Few Ukrainian refugees seek job in agriculture, say farmers

There is a lack of working hands on Latvian farms every harvest season. Ukrainian refugees will not fill these vacancies, farmers predict, Latvian Radio reported June 2.

Ukrainian Viktoriya has been working on the Gulbene municipality farm “Lācīši” since March. She left her home at the beginning of the war. The journey to Latvia took two days, and Viktoriya and her daughter and dog were fleeing directly to Latvia, as her husband, Ivan, has been working here for a couple of years.

Viktoriya has previously worked in a security firm, at a bakery, and in farming. Therefore, when arriving in Latvia, she was prepared to do almost any salaried work and considers that in agriculture Latvia vacancies are available to Ukrainians.

“A lot of women came here fleeing the war, who already have husbands or acquaintances working on a farm. And they also help find work. On the other hand, for example, I have an older sister with children in Poland, and she can't find a job in a small town because relatively many Ukrainians have gone there. It's true. Latvia is small. If it was easy to find a job a few months ago, then now there are more refugees and maybe it's not so simple anymore. However, agriculture is also a specific sector and, if there are vacancies, not everyone is prepared to do that because it is not sitting in the office,” Viktoriya said.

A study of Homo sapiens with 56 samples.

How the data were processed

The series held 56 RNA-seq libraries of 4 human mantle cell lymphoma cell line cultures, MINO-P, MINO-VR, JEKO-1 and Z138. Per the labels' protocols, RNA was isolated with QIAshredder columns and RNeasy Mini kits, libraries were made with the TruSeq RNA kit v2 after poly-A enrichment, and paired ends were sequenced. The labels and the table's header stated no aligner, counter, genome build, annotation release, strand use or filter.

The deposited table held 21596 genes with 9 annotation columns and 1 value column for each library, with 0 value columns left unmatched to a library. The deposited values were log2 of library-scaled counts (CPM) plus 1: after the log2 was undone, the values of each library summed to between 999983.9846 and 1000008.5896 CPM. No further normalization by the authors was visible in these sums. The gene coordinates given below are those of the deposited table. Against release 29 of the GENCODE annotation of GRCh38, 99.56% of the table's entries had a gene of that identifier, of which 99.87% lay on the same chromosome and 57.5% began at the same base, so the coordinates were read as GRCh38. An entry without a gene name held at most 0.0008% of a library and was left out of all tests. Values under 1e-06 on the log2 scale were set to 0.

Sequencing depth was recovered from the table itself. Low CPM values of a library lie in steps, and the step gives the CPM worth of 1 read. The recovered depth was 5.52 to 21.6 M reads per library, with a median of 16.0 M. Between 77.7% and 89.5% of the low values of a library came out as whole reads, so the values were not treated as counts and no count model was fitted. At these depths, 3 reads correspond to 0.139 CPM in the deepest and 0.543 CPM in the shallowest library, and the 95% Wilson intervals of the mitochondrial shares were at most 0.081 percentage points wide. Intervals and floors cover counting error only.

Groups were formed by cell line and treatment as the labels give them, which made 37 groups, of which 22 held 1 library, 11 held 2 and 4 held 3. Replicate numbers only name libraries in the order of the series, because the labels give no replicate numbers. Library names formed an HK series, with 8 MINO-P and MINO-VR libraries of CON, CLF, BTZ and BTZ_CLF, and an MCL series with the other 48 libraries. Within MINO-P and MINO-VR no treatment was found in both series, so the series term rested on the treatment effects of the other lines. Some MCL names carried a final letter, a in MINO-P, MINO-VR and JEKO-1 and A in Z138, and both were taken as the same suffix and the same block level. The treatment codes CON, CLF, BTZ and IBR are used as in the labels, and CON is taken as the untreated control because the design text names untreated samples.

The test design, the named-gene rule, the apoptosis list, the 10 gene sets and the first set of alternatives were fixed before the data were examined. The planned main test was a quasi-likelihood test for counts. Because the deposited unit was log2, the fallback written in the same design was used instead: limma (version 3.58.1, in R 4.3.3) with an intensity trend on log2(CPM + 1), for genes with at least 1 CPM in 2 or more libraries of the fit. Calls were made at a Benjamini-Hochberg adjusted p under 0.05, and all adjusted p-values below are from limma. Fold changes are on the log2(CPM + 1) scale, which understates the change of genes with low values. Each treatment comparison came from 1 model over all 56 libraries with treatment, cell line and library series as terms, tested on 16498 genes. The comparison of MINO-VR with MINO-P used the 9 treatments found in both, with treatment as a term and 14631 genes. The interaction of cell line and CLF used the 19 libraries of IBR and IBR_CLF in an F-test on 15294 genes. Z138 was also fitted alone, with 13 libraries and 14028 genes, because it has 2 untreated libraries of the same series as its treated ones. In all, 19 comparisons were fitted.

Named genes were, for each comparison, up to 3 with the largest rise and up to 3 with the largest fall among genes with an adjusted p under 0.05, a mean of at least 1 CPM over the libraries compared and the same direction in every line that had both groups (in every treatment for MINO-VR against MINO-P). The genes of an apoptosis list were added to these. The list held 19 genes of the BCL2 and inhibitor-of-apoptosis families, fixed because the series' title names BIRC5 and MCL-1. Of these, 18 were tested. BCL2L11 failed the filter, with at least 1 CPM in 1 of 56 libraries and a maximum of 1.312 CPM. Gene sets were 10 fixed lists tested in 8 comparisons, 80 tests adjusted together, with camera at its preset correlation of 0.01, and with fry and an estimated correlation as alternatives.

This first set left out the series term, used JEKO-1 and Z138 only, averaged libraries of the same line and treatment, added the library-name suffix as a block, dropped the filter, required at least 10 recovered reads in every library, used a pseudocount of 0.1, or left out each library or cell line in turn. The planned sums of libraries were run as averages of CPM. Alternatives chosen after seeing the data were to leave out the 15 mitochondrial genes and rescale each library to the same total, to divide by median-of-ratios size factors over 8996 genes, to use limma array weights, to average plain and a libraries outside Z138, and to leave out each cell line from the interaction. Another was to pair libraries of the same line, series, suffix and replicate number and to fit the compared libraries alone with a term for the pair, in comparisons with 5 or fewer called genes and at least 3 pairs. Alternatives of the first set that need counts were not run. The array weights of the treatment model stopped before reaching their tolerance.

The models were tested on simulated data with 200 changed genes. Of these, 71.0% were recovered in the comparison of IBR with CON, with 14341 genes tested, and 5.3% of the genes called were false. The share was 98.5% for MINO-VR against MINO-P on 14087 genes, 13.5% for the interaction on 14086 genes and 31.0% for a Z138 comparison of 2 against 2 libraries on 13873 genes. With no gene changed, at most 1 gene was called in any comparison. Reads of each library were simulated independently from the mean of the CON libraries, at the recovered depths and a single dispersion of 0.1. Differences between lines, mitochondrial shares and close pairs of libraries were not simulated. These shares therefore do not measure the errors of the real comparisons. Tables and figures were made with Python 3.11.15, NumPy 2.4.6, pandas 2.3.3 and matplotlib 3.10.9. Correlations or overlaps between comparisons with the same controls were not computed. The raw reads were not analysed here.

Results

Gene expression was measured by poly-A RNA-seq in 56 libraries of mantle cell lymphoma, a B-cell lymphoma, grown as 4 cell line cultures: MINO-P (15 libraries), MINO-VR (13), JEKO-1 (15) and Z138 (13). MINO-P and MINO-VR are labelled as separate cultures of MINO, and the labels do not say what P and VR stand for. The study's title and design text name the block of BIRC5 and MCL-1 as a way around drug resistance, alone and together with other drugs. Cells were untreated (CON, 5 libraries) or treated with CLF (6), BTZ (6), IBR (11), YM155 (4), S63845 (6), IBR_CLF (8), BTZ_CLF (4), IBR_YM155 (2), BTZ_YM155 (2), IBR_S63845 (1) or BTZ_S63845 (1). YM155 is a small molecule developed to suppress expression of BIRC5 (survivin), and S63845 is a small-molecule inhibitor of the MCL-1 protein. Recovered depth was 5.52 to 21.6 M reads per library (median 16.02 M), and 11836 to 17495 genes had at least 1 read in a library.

"Lācīši" owner, Gints Gžibovskis, told Latvian Radio that long-term employees were hard to find, and that for three years the farm also employed guest workers from Ukraine. Since the war began, there have been five Ukrainian workers.

"The conditions of employment of foreign migrant workers have been greatly relieved since the crisis. Paperwork is minimized. But we cannot accommodate more guest workers, nor can we ensure good social conditions. So we're not looking for anything right now,” Gžibovskis said.

The farmer said that there are currently no barriers to finding Ukrainian asylum seekers in municipalities and offering jobs, but he also concluded that many did not want to work in agriculture, although they could receive the national average salary.

Shortages of workforce have long been brought to attention by fruit and vegetable farmers, especially berry growers, every harvest season. Māra Rudzīte, head of the farmers' association, thinks that Ukrainian asylum seekers will not fill these vacancies.

Mārtiņš Cimermanis, head of the Rural Consultation and Education Centre, has also observed that many Ukrainian asylum seekers are from urban areas and mostly seek highly skilled jobs.

He said that Latvian farmers preparing for strawberry harvests, for example, and farmers' organizations should actively collect employee requests from farms to be transferred to municipal refugee support centers.